For one, private health insurance purchased individually was quite expensive, and often, it was difficult to shop and compare plans. If your employer dropped coverage or never provided it, your health coverage was probably more expensive and not as good as what many employer plans could offer.
One way to think of this is to understand that employer-sponsored health coverage is afforded by the employee and the employer contributing funds to the plan. Two parties paying for the same plan can mean a lower average cost for more services on the part of the employee than if the full burden is faced by just the individual.
This poorer private plan quality coupled with higher expenses also meant that for some, changing jobs becomes a higher-cost experience. Why would you take the risk of quitting your job to get a better one if you may be left with worse or no health insurance during the job search?
As part of an attempt to address affordability in healthcare, the Affordable Care Act (ACA or Obamacare) sought to expand access to health insurance coverage, so that at least Americans would not be subject to the full brunt of out-of-pocket health expenses.
One method of tackling this was requiring all employers with more than 50 employees to sponsor health coverage or pay a penalty to the government. This encouraged many large companies to adopt health insurance benefits for their employees.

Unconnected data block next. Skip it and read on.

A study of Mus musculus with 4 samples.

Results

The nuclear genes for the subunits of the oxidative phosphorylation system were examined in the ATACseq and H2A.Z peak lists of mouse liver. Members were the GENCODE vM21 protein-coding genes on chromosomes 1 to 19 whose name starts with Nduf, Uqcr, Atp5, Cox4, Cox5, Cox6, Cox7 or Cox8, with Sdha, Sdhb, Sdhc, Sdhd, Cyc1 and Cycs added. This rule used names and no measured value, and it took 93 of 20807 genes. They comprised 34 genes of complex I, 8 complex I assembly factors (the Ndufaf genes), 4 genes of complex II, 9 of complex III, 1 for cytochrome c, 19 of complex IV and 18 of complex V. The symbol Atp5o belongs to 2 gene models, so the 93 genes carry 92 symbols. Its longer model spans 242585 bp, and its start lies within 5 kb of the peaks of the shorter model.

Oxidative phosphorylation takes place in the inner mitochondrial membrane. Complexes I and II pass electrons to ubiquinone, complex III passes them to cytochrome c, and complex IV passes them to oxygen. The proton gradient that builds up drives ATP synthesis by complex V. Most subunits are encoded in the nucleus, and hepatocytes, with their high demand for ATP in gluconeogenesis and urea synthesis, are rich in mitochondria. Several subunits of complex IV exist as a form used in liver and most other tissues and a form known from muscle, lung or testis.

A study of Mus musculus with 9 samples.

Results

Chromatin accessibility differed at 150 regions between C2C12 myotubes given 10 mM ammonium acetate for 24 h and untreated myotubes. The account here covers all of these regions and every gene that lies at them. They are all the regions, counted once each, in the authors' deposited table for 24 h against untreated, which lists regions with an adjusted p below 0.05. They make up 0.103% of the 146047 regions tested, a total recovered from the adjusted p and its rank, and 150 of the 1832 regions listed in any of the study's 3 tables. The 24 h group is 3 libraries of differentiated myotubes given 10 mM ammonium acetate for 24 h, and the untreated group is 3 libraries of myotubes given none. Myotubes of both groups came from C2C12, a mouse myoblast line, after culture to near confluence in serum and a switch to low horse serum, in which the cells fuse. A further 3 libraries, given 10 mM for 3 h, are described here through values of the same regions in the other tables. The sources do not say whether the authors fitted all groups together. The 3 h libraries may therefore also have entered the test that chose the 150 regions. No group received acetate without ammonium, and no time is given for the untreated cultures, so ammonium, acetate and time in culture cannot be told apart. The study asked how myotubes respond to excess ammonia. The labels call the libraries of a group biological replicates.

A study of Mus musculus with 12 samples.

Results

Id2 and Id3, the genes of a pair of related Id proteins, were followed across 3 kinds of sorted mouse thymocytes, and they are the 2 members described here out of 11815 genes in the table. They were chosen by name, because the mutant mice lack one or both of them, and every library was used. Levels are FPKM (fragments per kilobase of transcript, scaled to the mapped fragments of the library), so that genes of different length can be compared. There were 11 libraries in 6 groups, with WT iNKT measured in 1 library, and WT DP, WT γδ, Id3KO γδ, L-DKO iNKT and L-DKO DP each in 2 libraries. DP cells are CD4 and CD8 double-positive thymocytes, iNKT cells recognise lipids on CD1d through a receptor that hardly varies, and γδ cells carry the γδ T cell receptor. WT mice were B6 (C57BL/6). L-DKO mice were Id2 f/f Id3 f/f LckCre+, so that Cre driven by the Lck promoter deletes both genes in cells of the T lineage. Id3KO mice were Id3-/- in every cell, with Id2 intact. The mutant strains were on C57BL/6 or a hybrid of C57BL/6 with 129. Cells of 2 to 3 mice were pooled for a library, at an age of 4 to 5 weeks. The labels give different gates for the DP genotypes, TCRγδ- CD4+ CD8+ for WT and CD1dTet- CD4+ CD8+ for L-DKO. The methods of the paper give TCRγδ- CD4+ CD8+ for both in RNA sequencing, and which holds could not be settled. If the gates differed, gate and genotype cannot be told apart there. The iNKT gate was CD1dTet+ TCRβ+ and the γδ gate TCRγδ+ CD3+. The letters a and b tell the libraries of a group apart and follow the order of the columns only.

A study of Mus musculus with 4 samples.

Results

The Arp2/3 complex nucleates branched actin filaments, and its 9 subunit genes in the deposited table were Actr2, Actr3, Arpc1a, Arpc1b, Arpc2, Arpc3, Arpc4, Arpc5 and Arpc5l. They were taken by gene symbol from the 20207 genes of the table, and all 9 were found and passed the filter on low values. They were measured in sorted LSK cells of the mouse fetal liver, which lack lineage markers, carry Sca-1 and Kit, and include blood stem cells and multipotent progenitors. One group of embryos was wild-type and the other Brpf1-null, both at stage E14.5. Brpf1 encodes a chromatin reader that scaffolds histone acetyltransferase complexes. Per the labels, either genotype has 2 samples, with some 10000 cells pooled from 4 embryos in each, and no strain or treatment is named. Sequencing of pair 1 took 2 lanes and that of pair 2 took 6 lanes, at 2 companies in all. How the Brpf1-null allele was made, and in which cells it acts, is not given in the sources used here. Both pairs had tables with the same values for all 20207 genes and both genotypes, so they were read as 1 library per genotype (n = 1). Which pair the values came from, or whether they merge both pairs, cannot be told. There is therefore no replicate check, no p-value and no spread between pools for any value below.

While expanding Medicaid to help the low-income population, the ACA also gave additional subsidies to middle class Americans to purchase private health insurance from designated government-overseen marketplaces. The point of these marketplaces was to serve as a central place for individuals to shop and compare plans. The marketplace also required health plans to cover specific benefits to be considered a qualified health plan, a status required to be listed on the marketplace.
In the end, the ACA has led to the rate of uninsured Americans to drop, but some problems still persist, especially with regards to employer-sponsored health insurance.